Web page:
When I was pregnant the first time, almost 7 years ago, I read all the books, followed the blogs and generally consulted every parent I know for tips, tricks and advice. One of my biggest takeaways? Recognize Dad’s importance and the roll he (or she, if that’s your preference) is going to play. He can’t breastfeed, but he can learn to be pretty damn good at everything else.
Personally, I see a lot of families where the mom lacks confidence in her partner as a parent. She feels like she can’t leave the kid(s) alone with Dad, because “what if they need food/diaper changes/help through a massive meltdown?”. Well, let me tell you, Dad won’t ever get the chance to rise to the occasion if he never gets an opportunity.
How did we learn to become good moms? Well, first of all, we never stop learning. But, we had hours and weeks and years of hands on experience (often just mama and baby) to teach us. But if daddy/baby alone time rarely happens, how do we expect them to learn and master? How do we expect them to try things, fail, and try again until they figure out what works, just like we have? Do we yell at their first attempt and say they’re doing it wrong? Or do we let them continue to explore options, and possibly end up with a new solution that we hadn’t even discovered yet? See what happens there? Now we have 2 potential solutions, instead of just one. And a more confident dad for it, too.
It’s a running joke… Dad’s babysitting the kids, Dad’s gonna burn the house down, “Dad, keep the kids alive while mom runs to the store”. Haha, funny, right? Not really.
So, what’s the solution in our home? We trade off as Lead Parent.
As it works out, both my husband and I have non-traditional job schedules. He often works weekends and, in exchange, has some weekdays off. I work from home 1 or 2 days a week. So, whoever has the longer day out of the house is off the hook. On Lead Parent days, we tidy the house, handle school drop off and pick up, coordinate extracurricular activities and playdates, run errands while the kids are at school, and often figure out dinner plans. We’re both usually home in the mornings to get the kids ready, and back home by bedtime to tag team again.
With this arrangement, there’s no room for resentment. Our “Honey Do” lists go both ways. Our kids lean on us equally. We shoulder the load together, so when it’s been an especially rough parenting day (vomit, tantrums, witching hour, you name it), there’s true compassion and empathy, because we’ve both been there.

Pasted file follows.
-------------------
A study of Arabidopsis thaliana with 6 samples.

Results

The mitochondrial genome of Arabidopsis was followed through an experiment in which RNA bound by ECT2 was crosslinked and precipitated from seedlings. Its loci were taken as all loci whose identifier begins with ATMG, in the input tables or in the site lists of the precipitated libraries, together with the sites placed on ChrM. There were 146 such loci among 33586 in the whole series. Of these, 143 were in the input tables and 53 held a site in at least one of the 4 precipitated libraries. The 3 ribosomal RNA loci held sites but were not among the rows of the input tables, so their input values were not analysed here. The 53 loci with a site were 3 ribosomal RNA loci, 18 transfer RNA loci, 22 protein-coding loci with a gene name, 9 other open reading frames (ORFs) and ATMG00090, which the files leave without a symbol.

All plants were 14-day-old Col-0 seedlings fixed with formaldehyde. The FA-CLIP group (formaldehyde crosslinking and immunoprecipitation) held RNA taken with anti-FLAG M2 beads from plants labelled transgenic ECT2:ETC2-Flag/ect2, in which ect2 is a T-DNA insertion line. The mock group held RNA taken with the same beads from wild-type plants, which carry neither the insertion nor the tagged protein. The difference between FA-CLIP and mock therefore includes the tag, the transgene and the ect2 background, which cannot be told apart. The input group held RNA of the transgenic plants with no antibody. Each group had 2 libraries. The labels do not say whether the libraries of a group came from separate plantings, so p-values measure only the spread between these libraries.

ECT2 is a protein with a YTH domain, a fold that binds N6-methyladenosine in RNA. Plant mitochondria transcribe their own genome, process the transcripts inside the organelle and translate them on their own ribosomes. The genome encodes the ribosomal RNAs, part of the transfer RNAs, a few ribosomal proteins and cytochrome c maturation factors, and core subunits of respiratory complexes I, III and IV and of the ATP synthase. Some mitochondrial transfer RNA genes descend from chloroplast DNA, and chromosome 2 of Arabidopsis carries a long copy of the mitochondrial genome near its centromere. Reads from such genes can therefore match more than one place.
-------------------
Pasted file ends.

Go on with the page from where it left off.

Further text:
Does this mean we coexist in a perfectly equal, evenly balanced dynamic of parenting? No way. We have our rough days. We have days when we each feel like our own day was harder than the others’ was, regardless if we were working at our job or working on the home front. But, it does mean that we are able to see each other eye to eye and know that we’re both working our butts off to succeed at raising good humans, contributing to our finances and taking pride in our occupations. We are able to take alone time, to exercise, to see friends, to practice self care, without worrying about being gone too long or wondering if we’ll come home to a cranky spouse or a burned down home. We recognize that in order to be good partners to each other, we need to respect that the other parent is able to make good choices that move us forward, even if the choices he makes aren’t necessarily the ones I would’ve made.
I know this won’t work for everyone. But even taking turns running the show at bedtime, or on a weekend, could shift the dynamics enough where everyone feels heard, seen and appreciated. We’re all in this together, and we have common goals driving us forward. Survive the early chaos, raise kind, brave children, and reemerge 18-20 years later admiring the adults our kids have become, still adoring our spouse, and enjoying the empty nest we’ve been left in.